In Christopher Naas v. State of Indiana, 49A04-1301-CR-4, the defendant argued that his Class B misdemeanor public intoxication conviction in Marion Superior Court should be tossed because there was insufficient evidence to show he was intoxicated and breached the peace and/or annoyed or alarmed another person.

Naas was among a trio of men who drove to a westside Indianapolis gas station on Sept. 20, 2012, after being involved in a traffic incident with a man and woman in another car. Police were dispatched to the station where an officer witnessed Naas “yelling and walking aggressively toward the male and female as they backed away from him and tried to ‘de-escalate the situation.’”

The officer said Naas met the traditional elements of the P.I.charge: he smelled of alcohol, was unsteady, and had slurred speech and red, watery eyes. There also was a half-empty whiskey bottle on the floorboard of his car.

“We agree that the evidence of the parties backing away is sufficient to infer that Naas alarmed them when he yelled and walked in an aggressive manner toward them,” Judge Nancy Vaidik wrote in a unanimous, six-page ruling. “Accordingly, we conclude that the evidence of intoxication and alarming others constitutes substantial evidence of probative value to support Naas’s conviction of Class B misdemeanor public intoxication.”
 


  2. Such is not uncommon on law school startups. Students and faculty should tap Bruce Green, city attorney of Lufkin, Texas. He led a group of studnets and faculty and sued the ABA as a law student. He knows the ropes, has advised other law school startups. Very astute and principled attorney of unpopular clients, at least in his past, before Lufkin tapped him to run their show.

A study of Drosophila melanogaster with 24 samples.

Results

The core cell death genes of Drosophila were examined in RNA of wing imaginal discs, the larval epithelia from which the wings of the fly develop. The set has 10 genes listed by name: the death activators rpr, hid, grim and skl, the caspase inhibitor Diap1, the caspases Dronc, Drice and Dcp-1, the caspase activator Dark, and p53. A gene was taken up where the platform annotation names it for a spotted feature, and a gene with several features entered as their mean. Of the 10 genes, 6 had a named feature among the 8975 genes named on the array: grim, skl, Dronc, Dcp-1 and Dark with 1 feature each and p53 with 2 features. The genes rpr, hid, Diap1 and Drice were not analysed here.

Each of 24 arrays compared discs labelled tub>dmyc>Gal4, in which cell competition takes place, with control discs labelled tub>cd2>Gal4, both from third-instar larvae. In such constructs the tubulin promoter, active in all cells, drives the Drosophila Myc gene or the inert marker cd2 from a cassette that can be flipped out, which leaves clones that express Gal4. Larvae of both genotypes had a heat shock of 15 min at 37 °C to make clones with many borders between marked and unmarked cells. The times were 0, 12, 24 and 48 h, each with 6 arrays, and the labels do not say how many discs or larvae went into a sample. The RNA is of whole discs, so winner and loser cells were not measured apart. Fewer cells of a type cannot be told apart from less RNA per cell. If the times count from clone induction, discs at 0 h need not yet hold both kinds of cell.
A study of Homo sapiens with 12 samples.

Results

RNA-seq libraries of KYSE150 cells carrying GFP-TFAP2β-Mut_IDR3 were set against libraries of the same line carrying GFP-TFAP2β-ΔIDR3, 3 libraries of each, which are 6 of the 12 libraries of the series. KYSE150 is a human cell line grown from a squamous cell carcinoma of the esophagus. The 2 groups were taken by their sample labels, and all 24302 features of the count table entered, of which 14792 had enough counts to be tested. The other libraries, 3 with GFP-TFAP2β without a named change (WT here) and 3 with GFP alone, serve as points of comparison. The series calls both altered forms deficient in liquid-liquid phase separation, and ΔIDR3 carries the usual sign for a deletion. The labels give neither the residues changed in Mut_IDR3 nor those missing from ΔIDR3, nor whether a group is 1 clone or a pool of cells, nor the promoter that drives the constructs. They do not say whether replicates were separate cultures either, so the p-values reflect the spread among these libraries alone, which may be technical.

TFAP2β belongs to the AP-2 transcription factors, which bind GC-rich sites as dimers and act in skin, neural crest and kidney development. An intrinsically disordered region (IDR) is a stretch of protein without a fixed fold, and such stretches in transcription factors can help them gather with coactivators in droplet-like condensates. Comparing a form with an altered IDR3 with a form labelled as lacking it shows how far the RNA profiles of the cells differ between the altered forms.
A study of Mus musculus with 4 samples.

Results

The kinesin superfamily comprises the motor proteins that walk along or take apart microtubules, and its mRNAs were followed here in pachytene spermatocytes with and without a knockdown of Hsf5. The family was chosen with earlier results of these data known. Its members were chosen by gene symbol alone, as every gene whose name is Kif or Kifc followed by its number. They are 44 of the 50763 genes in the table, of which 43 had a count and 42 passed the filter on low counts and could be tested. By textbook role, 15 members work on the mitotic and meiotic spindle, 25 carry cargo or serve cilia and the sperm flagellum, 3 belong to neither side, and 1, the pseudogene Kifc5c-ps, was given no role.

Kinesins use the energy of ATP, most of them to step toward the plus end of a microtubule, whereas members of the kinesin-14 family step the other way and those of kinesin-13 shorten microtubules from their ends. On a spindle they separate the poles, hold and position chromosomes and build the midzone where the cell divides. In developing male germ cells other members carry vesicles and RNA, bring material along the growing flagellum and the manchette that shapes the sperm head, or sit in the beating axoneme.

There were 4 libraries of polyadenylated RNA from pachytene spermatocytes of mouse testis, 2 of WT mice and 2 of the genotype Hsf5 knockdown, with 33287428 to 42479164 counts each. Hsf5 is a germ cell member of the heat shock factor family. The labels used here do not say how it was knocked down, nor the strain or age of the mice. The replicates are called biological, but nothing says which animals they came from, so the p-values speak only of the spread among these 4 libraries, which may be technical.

3. Not that having the appellate records on Odyssey won't be welcome or useful, but I would rather they first bring in the stray counties that aren't yet connected on the trial court level.

  4. Aristotle said 350 bc: "The most hated sort, and with the greatest reason, is usury, which makes a gain out of money itself, and not from the natural object of it. For money was intended to be used in exchange, but not to increase at interest. And this term interest, which means the birth of money from money, is applied to the breeding of money because the offspring resembles the parent. Wherefore of an modes of getting wealth this is the most unnatural.

  5. Oh yes, lifetime tenure. The Founders gave that to the federal judges .... at that time no federal district courts existed .... so we are talking the Supreme Court justices only in context ....so that they could rule against traditional marriage and for the other pet projects of the sixties generation. Right. Hmmmm, but I must admit, there is something from that time frame that seems to recommend itself in this context ..... on yes, from a document the Founders penned in 1776: " He has refused his Assent to Laws, the most wholesome and necessary for the public good."